Food loss and food waste are two different terms, which is relatively unfamiliar to the broader public. Indeed, knowing the difference between the two doesn´t seem to matter much when actually fighting global food losses. However, while making sure more people make sustainable choices regarding food, it doesn´t hurt to spread the word somewhat more and explain the difference between food loss and food waste. Therefore, when it comes to raising awareness on food handling, our philosophy is “The more, the merrier“.
By and large, any food meant for human consumption removed from the food chain is considered food loss or food waste. In order to clarify the terms of food loss and food waste and simplify data measurement, FAO came up with two different criteria: the Food Loss Index (FLI) and the Food Waste Index (FWI). When defining both terms, the main difference occurs at the retail stage. While the FLI gives new loss estimates from post-harvest up to, but excluding, the retail, FWI provides values at the retail and consumer side of the food chain.
According to FAO, Food loss can be defined as the reduction of food quality or quantity due to the food supplier’s decisions and activities. Retailers, food service providers and consumers are not included in this definition. Essentially, any food at production, post-harvest, processing, and distribution stages that doesn´t reach its final stage is considered a food loss.
On the other hand, food waste is the reduction in the food quantity or quality emerging from choices and activities made by retailers, food service providers and consumers. In other words, the food that arrives as a final product and is still fresh or well-preserved ends up as food waste because it is discarded.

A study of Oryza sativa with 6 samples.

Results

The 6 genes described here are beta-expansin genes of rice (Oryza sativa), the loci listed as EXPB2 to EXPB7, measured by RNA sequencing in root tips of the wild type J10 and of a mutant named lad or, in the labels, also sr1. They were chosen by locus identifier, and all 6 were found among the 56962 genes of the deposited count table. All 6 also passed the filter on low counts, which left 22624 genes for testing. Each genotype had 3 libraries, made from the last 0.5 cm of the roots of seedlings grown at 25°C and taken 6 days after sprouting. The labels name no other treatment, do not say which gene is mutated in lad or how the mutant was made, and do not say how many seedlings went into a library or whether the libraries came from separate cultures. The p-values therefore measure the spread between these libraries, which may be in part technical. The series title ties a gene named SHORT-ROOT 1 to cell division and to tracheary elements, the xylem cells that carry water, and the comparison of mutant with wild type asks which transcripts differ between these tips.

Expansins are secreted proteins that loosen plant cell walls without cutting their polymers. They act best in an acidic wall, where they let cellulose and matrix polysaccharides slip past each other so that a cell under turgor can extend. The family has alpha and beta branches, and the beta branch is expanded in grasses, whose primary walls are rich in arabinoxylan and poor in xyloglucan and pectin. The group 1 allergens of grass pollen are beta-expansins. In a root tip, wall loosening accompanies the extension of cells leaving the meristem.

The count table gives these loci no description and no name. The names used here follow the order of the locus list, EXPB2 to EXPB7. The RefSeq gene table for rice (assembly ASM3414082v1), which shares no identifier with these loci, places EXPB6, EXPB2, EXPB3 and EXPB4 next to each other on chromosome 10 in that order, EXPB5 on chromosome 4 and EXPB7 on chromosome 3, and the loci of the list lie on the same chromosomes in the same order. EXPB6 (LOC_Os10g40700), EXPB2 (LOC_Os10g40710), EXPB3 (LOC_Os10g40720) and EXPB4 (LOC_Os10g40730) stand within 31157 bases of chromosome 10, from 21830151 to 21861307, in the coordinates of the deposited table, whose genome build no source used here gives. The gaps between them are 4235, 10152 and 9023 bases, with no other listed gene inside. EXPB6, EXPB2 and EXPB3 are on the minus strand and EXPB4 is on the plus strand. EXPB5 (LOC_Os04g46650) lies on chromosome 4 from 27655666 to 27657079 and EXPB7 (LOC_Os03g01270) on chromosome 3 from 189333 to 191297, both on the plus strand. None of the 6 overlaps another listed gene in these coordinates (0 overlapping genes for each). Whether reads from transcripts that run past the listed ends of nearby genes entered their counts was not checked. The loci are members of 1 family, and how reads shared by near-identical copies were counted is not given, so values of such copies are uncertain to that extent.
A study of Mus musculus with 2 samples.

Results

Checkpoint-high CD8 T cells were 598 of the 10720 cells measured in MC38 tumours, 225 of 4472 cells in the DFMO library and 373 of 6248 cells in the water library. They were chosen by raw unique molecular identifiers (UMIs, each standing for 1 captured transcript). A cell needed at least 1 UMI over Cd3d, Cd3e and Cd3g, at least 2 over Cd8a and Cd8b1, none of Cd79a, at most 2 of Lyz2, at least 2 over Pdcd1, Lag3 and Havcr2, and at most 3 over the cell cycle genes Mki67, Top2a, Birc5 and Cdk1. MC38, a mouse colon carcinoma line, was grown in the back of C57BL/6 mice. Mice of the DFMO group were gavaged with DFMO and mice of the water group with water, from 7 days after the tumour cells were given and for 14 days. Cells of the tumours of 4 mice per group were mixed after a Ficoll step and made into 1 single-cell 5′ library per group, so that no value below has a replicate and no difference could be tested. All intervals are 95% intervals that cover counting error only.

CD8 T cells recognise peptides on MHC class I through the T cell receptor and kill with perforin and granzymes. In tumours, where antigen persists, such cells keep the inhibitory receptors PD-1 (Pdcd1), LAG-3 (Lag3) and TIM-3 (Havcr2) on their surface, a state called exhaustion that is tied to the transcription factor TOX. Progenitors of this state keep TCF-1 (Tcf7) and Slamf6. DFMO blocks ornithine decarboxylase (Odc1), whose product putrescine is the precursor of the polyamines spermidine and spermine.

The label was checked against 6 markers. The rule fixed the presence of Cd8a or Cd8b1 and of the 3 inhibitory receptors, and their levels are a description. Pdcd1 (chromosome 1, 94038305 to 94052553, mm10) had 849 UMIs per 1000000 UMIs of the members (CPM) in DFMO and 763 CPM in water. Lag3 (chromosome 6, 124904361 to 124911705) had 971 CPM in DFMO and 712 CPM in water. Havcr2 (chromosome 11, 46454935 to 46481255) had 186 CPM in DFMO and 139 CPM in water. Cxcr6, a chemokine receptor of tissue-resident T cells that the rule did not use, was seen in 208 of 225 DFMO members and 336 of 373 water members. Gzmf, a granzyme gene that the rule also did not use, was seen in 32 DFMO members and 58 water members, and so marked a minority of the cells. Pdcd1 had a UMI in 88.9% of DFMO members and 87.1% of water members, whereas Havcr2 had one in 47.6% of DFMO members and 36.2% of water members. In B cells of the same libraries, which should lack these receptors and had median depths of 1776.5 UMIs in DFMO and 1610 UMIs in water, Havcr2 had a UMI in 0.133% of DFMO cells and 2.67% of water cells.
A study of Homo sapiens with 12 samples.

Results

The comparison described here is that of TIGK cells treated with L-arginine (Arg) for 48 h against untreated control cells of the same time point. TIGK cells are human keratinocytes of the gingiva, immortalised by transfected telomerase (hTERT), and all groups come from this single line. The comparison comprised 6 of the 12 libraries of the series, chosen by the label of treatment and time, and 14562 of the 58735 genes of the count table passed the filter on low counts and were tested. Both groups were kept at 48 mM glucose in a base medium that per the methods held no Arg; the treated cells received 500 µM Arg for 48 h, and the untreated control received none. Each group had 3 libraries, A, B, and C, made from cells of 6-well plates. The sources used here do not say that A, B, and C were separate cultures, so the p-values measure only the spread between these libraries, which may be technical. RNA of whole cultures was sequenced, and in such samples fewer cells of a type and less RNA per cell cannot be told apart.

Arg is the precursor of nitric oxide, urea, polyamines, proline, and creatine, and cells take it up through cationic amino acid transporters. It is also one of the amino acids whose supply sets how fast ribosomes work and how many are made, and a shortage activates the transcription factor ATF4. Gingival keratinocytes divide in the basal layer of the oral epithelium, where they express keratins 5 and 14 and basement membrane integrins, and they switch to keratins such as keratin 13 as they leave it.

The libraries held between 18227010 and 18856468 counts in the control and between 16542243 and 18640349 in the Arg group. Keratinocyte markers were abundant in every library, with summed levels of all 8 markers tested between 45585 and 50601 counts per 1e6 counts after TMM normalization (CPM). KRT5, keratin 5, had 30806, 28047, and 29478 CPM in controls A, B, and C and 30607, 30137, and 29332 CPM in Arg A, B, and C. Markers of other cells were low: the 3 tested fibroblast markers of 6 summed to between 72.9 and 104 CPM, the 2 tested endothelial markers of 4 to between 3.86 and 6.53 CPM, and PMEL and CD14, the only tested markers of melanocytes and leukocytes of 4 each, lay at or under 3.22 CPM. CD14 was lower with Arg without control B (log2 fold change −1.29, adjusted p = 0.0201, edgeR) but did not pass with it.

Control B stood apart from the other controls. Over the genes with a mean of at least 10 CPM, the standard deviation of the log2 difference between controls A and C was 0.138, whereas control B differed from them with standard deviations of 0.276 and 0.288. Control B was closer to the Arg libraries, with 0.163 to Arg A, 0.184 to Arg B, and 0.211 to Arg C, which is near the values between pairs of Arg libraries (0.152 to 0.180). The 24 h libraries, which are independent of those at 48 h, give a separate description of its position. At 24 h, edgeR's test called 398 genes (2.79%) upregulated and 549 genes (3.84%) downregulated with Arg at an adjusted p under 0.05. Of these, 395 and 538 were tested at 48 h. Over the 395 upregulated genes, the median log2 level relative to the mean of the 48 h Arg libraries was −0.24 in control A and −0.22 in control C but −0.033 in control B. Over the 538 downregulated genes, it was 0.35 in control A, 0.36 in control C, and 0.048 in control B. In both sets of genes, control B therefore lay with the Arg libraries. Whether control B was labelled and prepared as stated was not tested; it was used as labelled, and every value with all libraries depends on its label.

The values we get from FLI and FWI help track the data on food loss and food waste, guiding organizations in bringing new initiatives and awareness campaigns. These actions make a world of difference when combating global issues such as food wastage. Thus, having statistics and estimates play a vital role in spreading sustainable trends worldwide.
Nowadays, if the food looks anything less than “perfect”, customers will not buy it. That is the fact, unfortunately. Such unsustainable habits create more ripened fruit in the stores, which can get spoiled very quickly. Moreover, stores toss food when it is close or beyond expiration dates, regardless if it is still fresh.
We know by now that food loss and waste severely impact our environment and economy. Environmentally, they cause greenhouse gas emissions, extensive water, land, and energy waste, which affects the ecosystem. Economically wise, the loss and waste of food bring investment losses, a decrease in farmer’s profit and, at the same time, an increase of the market prices, which means more expensive products. Changing our attitude towards food and improving production and transport within the food chain can significantly decrease these losses.
But for such change, the way food is treated should be adequately addressed at every stage in the food chain.